Virtual Dashboard is screen-heavy in stark contrast to Virtual Cockpit's single, driver-focussed gauge display. It keeps that and adds a pair of screens to the mix, all of them using OLED (organic light-emitting diode) tech. The central screen measures 14.1 inches diagonally and is curved with a rhomboid border; its AMOLED (active matrix organic light-emitting diode) allows for the irregular shape and curvature. Below that sits a more normal, rectangular screen; both are very well integrated into their surroundings. And as in many current Audis, the shift lever acts as a comfy wrist rest.
On the top screen, drivers and passengers get what Audi calls classic information – navigation, audio, settings. The lower screen provides big favorite buttons and also houses on-screen buttons for the climate control. When it's called for, the lower display turns into an input tablet for handwritten entries, an evolution of the small separate touchpad offered in current Audis. The displays use swiping and other gestures familiar to smartphone users, which allow them to interact with each other, for example when swiping to accept a call and move its info to the gauge display.
The screens provide haptic feedback that goes beyond what automakers are offering today. Our man at CES says button presses only result from deliberate presses of the screen, meaning you can rest a finger over your selection and it won't activate until you press, just like a real button. Novel. The steering-wheel controls also provide haptic feedback and have been simplified compared to what's on Virtual Cockpit today.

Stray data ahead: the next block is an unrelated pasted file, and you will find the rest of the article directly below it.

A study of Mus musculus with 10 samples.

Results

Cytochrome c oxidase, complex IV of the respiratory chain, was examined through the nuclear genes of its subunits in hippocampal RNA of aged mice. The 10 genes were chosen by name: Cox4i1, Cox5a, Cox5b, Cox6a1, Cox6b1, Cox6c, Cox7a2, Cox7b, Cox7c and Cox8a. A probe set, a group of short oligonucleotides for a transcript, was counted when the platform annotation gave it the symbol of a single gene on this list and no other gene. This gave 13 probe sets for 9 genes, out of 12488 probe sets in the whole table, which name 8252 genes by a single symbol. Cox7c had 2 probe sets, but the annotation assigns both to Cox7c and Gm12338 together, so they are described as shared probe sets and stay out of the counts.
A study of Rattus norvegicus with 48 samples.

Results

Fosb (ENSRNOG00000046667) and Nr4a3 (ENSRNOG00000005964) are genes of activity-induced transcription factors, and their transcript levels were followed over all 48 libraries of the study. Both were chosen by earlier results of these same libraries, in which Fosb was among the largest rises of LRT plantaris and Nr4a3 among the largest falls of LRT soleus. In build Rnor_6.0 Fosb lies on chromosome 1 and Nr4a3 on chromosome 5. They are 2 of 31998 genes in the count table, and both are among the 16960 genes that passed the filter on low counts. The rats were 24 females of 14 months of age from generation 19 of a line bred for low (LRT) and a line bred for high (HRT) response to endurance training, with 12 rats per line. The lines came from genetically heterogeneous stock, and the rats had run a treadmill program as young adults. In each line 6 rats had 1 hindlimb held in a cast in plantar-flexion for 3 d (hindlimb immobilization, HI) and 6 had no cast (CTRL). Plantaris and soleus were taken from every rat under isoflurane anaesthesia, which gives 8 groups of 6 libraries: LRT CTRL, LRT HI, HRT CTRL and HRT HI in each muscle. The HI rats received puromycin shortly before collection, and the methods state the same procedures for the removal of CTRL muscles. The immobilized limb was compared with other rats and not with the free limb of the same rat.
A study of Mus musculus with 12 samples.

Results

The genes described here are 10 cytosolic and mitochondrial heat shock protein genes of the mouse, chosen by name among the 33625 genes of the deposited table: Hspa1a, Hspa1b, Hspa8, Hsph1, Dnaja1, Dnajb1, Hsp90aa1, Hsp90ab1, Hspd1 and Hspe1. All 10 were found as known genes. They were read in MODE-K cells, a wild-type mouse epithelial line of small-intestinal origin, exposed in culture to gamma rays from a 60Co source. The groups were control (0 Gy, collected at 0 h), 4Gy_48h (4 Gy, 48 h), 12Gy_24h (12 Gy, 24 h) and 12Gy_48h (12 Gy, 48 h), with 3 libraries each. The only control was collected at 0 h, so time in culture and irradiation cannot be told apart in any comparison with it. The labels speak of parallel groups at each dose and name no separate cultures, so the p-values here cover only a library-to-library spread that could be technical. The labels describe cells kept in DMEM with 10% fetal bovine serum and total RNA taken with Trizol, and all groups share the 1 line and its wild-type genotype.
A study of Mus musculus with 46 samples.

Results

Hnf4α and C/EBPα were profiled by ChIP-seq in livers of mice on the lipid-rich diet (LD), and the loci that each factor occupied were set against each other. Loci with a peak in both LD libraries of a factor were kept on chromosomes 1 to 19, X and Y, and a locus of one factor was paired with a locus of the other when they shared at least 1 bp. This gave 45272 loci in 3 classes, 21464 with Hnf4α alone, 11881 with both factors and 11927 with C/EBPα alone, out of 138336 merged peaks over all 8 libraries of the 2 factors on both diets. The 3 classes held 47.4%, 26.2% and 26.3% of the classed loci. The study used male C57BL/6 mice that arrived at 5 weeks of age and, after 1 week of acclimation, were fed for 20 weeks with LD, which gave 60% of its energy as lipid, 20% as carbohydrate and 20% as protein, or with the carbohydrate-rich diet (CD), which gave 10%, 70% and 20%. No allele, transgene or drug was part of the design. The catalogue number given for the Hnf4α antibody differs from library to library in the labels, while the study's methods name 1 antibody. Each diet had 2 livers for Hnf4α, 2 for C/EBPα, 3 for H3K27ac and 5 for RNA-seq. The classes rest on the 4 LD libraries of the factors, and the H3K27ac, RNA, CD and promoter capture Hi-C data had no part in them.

When it hits production in the A8 and other vehicles, all of this will be built on the next generation of Audi's infotainment platform, which it's creatively calling MIB2+. It offers more computing power than the current MIB2 system, allowing it to run more displays and offer more connected services over an LTE connection. Although Audi hasn't confirmed it, this may be where its recently announced future use of Qualcomm's Snapdragon 602A processor, or possibly the Snapdragon 820A, which was just unveiled at this year's CES.